Albuquerque MMA fighter Ray Borg has been sued by his former management team, which alleges Borg failed to honor a contract he signed shortly before leaving the FIT-NHB gym for rival Jackson-Wink MMA.
The story first was reported by mmajunkie.com.
Wild Bunch Management LLC, the company headed by FIT-NHB owners and operators Tom Vaughn and Arlene Sanchez Vaughn, claims Borg violated a non-compete clause which would have prevented him from competing for Jackson-Wink.
The lawsuit, filed on Feb. 2 in state District Court, also accuses Borg of having improperly using “trade secrets” acquired at FIT-NHB while training and competing under the Jackson-Wink banner.
Wild Bunch claims Borg owes the company 20 percent of his earnings from his past four fights.
Jason Bowles, Borg’s attorney, told mmajunkie.com he considers the lawsuit without merit and said Borg did not break a contract in switching gyms.
It has been a difficult few weeks for Borg.
First, he was forced to withdraw from a scheduled April 7 UFC fight in Brooklyn, N.Y. after taking glass fragments in his left eye when UFC star Conor McGregor shattered a shuttle bus window with a hand cart.
That fight, against Mexico’s Brandon Moreno, was rescheduled for May 19 in Santiago, Chile. But Borg was unable to train because of his infant son’s medical condition and again was forced to withdraw.
Anthony Borg underwent two surgeries in Denver after being diagnosed as having hydrocephalus, an abnormal buildup of fluid in the brain.
Borg tweeted on Monday that Anthony was doing well.
Of the lawsuit, Borg tweeted on Thursday: “The guys (sic) timing of this really seems to be good considering what is going on. Bravo lol trade secrets.”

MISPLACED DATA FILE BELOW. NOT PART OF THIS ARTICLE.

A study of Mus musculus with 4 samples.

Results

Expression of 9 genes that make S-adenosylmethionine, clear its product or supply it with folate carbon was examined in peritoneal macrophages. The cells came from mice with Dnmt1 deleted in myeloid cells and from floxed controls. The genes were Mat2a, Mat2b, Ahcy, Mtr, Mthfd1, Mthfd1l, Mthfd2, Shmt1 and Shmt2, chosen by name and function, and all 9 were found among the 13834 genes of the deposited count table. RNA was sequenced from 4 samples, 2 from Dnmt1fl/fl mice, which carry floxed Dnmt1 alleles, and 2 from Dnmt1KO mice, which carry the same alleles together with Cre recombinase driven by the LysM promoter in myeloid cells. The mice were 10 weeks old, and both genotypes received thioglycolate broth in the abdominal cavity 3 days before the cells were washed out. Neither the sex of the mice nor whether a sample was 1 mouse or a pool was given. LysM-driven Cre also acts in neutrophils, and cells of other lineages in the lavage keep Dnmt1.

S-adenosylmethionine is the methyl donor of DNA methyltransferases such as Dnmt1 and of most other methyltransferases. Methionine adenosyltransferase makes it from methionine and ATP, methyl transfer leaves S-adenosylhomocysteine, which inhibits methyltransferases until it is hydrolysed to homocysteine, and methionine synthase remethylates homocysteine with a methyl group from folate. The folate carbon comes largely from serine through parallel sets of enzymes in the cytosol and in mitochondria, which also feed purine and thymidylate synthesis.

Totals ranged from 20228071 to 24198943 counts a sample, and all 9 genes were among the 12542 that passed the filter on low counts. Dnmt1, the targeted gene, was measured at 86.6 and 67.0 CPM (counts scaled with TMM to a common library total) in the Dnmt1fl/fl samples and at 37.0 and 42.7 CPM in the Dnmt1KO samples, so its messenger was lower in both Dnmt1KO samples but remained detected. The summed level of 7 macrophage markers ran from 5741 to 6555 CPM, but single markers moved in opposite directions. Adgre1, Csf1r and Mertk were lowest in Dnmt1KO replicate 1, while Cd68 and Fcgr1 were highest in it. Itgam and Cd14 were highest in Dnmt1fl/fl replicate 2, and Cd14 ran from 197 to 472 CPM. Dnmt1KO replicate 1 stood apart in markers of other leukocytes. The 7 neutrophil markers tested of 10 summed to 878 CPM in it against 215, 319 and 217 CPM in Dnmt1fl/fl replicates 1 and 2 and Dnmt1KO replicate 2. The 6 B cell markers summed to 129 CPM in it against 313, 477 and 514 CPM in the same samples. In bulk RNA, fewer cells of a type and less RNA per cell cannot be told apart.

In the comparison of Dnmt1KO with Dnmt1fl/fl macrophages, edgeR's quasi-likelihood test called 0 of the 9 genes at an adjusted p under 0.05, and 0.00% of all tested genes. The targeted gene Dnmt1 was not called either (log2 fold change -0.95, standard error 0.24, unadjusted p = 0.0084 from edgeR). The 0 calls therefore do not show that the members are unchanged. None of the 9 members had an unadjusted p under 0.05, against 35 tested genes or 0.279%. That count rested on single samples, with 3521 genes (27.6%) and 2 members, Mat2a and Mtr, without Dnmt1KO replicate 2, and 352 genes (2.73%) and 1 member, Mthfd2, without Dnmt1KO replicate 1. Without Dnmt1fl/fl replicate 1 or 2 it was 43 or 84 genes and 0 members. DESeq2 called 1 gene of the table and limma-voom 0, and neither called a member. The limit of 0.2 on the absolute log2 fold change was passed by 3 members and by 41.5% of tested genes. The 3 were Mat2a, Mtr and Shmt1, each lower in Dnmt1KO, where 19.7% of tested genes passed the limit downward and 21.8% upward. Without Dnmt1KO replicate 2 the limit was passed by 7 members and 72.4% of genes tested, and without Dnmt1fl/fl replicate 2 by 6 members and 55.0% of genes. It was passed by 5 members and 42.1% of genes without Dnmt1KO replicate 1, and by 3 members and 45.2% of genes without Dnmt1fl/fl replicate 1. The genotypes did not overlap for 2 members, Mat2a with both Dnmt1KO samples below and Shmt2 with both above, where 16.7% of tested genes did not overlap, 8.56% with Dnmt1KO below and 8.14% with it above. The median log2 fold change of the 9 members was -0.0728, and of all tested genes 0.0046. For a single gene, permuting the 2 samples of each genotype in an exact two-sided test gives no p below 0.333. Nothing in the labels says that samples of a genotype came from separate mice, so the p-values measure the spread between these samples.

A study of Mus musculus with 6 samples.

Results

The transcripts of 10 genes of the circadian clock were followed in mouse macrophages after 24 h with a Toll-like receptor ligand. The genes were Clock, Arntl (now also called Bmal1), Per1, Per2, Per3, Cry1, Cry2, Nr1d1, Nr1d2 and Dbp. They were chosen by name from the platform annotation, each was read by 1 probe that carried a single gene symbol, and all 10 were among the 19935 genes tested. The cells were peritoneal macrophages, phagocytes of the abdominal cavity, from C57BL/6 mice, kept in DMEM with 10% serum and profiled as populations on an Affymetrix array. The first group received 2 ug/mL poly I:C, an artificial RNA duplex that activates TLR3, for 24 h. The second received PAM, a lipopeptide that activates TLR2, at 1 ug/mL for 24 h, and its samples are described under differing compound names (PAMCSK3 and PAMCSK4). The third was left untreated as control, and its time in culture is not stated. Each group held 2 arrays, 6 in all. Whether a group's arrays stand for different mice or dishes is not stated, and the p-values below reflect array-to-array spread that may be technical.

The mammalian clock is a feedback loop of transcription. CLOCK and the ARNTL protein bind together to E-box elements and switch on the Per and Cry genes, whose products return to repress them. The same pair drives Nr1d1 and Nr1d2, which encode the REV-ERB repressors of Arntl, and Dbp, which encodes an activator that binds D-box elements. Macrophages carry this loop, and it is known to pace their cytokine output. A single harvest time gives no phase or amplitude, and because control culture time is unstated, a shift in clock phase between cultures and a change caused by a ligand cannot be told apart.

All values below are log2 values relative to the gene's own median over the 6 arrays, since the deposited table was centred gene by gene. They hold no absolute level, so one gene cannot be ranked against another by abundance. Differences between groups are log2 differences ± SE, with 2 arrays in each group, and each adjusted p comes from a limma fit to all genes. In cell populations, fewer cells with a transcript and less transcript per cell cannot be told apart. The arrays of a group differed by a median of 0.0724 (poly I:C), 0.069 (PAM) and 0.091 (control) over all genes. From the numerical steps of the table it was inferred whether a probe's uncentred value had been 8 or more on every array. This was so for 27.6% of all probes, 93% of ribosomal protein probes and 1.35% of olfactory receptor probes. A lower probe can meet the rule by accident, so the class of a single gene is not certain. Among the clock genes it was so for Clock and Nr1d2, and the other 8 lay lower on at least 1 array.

This is the second lawsuit filed against Borg by New Mexico Wild Bunch. The first was filed in December 2016 in Bernalillo County Metropolitan Court, shortly after Borg had left FIT-NHB for Jackson-Wink.
NICCO VS. ARIEL: FIT-NHB fighter Nicco Montaño is fighting mad at MMA journalist Ariel Helwani, and the UFC women’s flyweight champion isn’t holding back.
Helwani posted Monday on Twitter that the UFC, eager to stage a title fight between Montaño and Valentina Shevchenko, is “losing patience” with the Albuquerque-based champion.
Montaño responded with a furious Instagram post, explaining that she’d had surgery to remove tonsils and adenoids in the past few days and that the UFC was aware of her situation.
As for Helwani, Montaño called the veteran journalist and talk-show host “a huge waste of space” and “a poor excuse for a man.” Those, in fact were two of her milder comments.
Helwani had not responded, at least not on social media.
The UFC, contacted on Wednesday by the Journal, declined comment.
On Saturday, Montaño apologized on Instagram for the language she had used in her criticism of Helwani but wrote, “I felt like I was backed into a corner and needed to defend myself.”
Montaño wrote that she believes Helwani and Shevchenko have “teamed up” to misrepresent her situation.
Montaño became the inaugural UFC women’s flyweight champion by defeating Roxanne Modaferri last December in the title match of The Ultimate Fighter 26.